According to the Health and Safety Executive, 40% of all on-the-job fatalities occur as a result of a fall from height.
This is particularly problematic in construction with the HSE reporting that half of all the fall from height deaths over the last five years occurring in the construction trade.
Meanwhile, just under 20% of all non-fatal injuries in the construction trade over the last five years were also a result of falling from height. Scary stuff!
Needless to say, knowing how to use a ladder safely is of vital importance and can quite literally save your life. Luckily, this blog is dedicated to exactly that!
Read on for a step-by-step account on how to raise your ladder game today with these top ladder safety tips from the pros.
How to Use a Ladder Safely
Whether you’re a professional roofer or an average Joe hanging Christmas lights from the guttering, you are effectively putting yourself at risk once you scale a ladder.
After all, gravity doesn’t discriminate and the same dangers apply to all – which makes ladder safety a topic of universal importance.
To help ensure your ladder-related tasks don’t come crashing down, here are a few ladder safety tips that will help you avoid a fall from grace and keep your spirits high.
The vertical parts of a ladder (i.e. the long parts on either side of the rungs) are known in the UK as ladder stiles.
Before using a ladder, it’s vitally important that the stiles are in good condition and void of any splits, dents or bends.
Any damage caused to the stiles can seriously impact the structural integrity of the ladder and potentially causing the ladder breaking mid-use.
Much like the stiles, healthy rungs are paramount when it comes to ensuring your ladder is fit for purpose.
If rungs are bent, loose or missing entirely, take that as a tell-tale warning sign that your ladder’s days are numbered.
Using a ladder that features dodgy or absent rungs will increase the likelihood of the ladder failing and could result in things going south fast.
The feet of the ladder are the underside of the stiles, typically adorned with rubber bases that feature a ridged pattern on the bottom of the caps.
If the feet are worn, damaged or, worse still, missing entirely, this can lead to the underside of the ladder becoming slippery and losing its traction.
If this occurs while you are on the ladder, it could lead to disaster. As such, you should postpone use until the feet have been replaced.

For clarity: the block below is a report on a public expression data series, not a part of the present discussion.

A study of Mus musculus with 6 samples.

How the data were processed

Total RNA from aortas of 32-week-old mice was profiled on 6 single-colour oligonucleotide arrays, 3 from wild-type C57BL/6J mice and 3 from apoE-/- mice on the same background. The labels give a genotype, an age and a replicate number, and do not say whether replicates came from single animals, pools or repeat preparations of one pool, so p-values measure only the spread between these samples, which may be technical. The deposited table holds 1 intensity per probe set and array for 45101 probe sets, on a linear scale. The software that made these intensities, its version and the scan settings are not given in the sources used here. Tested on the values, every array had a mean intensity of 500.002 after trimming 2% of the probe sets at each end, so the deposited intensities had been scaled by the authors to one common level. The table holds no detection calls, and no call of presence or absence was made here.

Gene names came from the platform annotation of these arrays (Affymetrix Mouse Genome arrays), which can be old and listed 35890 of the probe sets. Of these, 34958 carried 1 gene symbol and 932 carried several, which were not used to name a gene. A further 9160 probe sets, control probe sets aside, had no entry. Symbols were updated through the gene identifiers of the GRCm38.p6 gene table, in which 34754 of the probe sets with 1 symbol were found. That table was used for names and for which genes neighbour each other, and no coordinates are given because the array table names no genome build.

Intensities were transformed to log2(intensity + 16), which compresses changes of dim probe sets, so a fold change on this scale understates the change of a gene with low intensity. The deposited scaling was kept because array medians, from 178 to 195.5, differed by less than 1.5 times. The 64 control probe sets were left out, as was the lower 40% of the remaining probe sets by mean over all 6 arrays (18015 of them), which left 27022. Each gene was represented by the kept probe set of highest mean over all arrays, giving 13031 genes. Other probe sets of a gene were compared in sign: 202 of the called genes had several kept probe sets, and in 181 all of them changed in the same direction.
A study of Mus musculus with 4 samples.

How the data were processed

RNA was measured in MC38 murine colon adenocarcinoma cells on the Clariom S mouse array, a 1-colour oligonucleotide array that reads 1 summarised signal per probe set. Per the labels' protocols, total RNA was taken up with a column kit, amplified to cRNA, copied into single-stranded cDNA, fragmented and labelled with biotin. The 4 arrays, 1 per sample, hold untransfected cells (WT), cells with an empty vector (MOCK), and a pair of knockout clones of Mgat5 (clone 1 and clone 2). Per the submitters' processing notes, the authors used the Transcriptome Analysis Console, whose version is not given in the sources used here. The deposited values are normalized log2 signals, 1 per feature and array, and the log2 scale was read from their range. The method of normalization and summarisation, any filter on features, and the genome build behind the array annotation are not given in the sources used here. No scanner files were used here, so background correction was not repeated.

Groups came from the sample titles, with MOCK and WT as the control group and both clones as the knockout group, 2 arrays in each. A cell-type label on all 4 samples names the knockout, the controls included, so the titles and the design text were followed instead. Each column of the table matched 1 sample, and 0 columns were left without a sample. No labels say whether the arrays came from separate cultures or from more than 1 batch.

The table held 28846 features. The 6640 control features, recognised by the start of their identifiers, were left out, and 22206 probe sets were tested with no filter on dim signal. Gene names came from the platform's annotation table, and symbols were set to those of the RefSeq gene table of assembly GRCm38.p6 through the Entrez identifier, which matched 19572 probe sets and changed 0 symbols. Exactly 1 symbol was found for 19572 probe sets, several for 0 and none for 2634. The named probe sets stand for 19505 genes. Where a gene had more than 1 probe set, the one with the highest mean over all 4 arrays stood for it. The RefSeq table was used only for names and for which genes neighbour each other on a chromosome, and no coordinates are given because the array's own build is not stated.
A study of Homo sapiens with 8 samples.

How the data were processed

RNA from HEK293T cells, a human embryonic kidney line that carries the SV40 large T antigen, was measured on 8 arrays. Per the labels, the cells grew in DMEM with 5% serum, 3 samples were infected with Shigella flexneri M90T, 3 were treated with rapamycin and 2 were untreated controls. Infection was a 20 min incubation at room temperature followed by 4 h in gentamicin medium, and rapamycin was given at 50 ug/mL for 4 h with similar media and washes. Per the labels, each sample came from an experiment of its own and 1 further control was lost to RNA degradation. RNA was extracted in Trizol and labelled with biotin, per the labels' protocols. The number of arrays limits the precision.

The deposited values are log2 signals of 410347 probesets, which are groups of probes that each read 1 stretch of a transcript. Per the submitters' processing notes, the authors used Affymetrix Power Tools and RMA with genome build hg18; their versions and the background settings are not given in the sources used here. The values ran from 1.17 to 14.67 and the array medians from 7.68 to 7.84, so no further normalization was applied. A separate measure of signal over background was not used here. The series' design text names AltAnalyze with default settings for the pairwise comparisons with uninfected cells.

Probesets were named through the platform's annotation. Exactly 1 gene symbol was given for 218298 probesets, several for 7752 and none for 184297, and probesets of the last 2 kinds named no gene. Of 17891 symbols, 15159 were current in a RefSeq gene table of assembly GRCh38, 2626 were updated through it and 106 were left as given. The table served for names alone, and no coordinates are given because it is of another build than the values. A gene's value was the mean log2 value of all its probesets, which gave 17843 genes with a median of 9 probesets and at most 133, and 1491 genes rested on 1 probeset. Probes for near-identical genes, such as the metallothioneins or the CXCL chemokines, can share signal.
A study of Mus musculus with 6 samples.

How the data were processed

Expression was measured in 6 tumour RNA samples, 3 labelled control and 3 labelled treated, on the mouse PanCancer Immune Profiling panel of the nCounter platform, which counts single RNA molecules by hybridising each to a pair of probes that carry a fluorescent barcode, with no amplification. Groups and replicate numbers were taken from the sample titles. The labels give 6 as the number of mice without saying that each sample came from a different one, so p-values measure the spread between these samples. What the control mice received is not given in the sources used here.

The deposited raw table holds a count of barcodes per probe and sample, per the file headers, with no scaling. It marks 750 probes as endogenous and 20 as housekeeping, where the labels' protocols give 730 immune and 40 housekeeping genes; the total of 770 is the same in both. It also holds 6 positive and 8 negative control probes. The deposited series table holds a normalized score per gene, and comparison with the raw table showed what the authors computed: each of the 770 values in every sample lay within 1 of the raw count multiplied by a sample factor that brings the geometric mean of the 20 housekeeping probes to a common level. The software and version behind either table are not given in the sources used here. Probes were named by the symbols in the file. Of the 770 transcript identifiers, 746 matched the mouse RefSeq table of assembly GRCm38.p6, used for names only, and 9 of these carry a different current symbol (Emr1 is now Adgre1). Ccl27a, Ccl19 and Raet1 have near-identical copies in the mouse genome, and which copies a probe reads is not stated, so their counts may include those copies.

Additional Ladder Safety Tips
Anytime you use a ladder, even one that is in full, working order, the way you engage with the ladder can also have a dramatic effect on the level of safety.
Follow these user-related ladder safety tips to help ensure you keep a firm grasp on the task at hand during your next ladder job.
While most ladders are sturdy enough to hold the weight of a worker, they aren’t indestructible and are built with a maximum weight limit in mind.
Always check the specifications of your ladder to avoid overloading it with too much weight, accounting for the weight of the working and any materials/equipment they are carrying.
Meanwhile, carrying too much can put you off-balance and easily lead you to fall as a result. Be sensible when it comes to carrying loads up ladders and only carry what you can comfortably handle.
Setting up your ladder in an appropriate location for the task at hand should be a top priority prior to scaling the rungs.
If the area you need to access is even slightly out of comfortable reach, it can lead to a nasty fall in mere seconds.
A good rule of thumb to avoid stretching out to a dangerous distance is to ensure your belt buckle stays with the stiles of the ladder. Anything beyond that could put you at further risk.
Before you begin your task, always make sure that the ladder you are using is long/high enough for the job in front of you.
To gauge whether or not your ladder is tall enough for your chosen endeavour, you should be able to safely access the area you need without working on the top three rungs.
The ladder itself should extend at least one metre above where you are working to allow you simple hand/foot contact with the ladder at all times for safer stability.
For additional ladder safety tips, why not drop us a line today? Call now on 01446 789538 or get in touch online by clicking the button below.